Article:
6.10 THE COMMITTEE ON ETHICS. The Speaker must appoint a Committee on Ethics consisting of four members: two members from the majority political party caucus, and two from the minority caucus. One alternate from each caucus must also be appointed. The committee must adopt written procedures, which must include due process requirements, for handling complaints and issuing guidelines.
A complaint may be brought about conduct by a member that violates a rule or administrative policy of the House, that violates accepted norms of House behavior, that betrays the public trust, or that tends to bring the House into dishonor or disrepute.
A complaint about a member's conduct must present with specificity the factual evidence supporting the complaint. A complaint must be in writing, under oath and signed by two or more members of the House, and submitted to the Speaker. Before submitting the complaint to the Speaker, the complainants must cause a copy of it and any supporting materials to be delivered to any member named in the complaint. Within seven days after receiving a complaint, the Speaker must refer the complaint to the Ethics Committee for processing by the committee according to its rules of procedure.
The existence and substance of a complaint, including any supporting materials, and all proceedings, meetings, hearings, and records of the Ethics Committee are public; except that the committee, upon a majority vote of the whole committee, may meet in executive session to consider or determine the question of probable cause, to consider a member's medical or other health records, or to protect the privacy of a victim or a third party.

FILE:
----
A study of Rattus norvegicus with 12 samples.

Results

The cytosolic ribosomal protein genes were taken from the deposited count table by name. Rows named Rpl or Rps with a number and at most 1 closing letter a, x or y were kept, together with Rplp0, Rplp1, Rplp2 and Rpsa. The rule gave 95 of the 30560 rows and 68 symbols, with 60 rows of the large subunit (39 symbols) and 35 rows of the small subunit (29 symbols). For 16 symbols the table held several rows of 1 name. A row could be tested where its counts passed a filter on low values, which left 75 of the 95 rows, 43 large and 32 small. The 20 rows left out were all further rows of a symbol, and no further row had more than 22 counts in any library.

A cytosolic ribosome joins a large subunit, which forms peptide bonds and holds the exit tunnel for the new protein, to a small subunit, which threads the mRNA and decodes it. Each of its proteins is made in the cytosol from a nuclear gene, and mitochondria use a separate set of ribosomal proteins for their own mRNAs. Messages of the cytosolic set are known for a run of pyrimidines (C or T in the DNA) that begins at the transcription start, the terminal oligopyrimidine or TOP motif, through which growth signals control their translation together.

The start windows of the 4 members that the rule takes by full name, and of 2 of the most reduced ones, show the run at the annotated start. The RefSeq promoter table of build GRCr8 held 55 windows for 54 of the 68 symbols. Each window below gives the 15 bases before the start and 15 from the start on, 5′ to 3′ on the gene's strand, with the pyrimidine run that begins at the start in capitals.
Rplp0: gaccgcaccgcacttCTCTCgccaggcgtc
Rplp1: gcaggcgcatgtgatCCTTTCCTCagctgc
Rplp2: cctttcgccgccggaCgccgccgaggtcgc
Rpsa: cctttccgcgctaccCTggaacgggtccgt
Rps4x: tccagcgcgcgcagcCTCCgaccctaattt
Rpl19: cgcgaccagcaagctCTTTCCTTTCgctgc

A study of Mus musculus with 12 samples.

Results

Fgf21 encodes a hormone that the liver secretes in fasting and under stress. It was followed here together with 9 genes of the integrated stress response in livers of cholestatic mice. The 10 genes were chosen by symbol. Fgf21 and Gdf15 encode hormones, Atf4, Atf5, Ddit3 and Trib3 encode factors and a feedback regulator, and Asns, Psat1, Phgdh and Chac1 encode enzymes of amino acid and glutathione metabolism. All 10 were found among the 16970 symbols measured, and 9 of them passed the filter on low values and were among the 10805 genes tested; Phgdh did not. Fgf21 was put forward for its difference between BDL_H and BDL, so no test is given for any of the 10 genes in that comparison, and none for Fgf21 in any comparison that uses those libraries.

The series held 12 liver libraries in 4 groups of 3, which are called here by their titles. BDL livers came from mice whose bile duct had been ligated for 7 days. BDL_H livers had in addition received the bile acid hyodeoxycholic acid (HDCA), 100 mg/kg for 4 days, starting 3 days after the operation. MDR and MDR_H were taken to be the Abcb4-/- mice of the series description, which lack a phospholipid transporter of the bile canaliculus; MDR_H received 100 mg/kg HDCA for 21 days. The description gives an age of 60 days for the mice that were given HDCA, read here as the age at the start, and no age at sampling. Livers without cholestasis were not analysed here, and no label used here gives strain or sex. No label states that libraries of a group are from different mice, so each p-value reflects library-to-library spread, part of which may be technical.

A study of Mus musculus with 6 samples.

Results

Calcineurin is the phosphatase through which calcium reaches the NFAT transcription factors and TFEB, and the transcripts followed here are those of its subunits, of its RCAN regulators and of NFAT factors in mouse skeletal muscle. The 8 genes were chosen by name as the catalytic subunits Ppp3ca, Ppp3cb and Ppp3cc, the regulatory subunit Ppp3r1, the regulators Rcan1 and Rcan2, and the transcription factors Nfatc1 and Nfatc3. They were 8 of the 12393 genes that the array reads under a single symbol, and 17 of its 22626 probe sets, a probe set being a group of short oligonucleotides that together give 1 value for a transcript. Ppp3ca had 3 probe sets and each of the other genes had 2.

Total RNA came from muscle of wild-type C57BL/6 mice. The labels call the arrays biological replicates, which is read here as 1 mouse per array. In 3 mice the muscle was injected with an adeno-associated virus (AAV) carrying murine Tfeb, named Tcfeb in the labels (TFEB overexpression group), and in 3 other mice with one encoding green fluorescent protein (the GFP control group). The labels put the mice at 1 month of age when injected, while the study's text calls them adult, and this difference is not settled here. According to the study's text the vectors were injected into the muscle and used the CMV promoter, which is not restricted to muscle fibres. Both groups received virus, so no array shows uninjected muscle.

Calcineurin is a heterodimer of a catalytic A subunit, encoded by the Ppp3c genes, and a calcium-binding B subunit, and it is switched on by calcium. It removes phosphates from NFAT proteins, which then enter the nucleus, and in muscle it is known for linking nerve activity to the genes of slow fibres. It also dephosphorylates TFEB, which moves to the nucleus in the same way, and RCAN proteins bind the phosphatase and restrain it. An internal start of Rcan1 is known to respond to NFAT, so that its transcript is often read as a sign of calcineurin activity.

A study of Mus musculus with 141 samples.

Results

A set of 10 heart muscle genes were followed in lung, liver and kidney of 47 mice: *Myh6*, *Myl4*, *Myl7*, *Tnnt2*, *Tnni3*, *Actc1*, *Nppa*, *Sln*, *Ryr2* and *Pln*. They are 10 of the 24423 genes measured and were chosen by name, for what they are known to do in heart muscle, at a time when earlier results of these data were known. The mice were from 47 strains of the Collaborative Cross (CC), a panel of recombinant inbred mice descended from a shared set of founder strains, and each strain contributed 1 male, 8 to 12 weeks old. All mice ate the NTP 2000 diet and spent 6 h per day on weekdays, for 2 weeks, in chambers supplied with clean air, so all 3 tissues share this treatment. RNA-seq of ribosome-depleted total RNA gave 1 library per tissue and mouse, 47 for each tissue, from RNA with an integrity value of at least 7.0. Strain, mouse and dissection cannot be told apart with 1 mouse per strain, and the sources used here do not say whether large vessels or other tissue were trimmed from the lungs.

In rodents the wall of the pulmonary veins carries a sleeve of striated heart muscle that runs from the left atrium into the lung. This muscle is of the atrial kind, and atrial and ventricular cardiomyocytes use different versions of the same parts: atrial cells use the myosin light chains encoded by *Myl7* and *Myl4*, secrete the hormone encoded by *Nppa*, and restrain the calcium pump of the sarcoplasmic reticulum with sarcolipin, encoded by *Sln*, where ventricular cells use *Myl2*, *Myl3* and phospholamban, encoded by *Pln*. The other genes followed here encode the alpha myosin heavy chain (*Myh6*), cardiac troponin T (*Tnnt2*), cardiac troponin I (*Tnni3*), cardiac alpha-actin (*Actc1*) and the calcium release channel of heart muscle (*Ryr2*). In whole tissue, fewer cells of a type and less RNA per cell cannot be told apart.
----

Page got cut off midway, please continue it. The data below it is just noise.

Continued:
A complaint of a breach of confidentiality by a member or employee of the House must be immediately referred by the Speaker to the Ethics Committee for disciplinary action.
The committee must act in an investigatory capacity and may make recommendations regarding complaints submitted to the Speaker before adjournment sine die. With the approval of the Speaker, the committee may retain a retired judge or other nonpartisan legal advisor to advise and assist the committee, as the committee considers appropriate and necessary in the circumstances of the case, in conducting the proceedings and obtaining a complete and accurate understanding of the information relevant to the conduct in question.
Ethics Committee recommendations for disciplinary action must be supported by clear and convincing evidence and must be reported to the House for final disposition.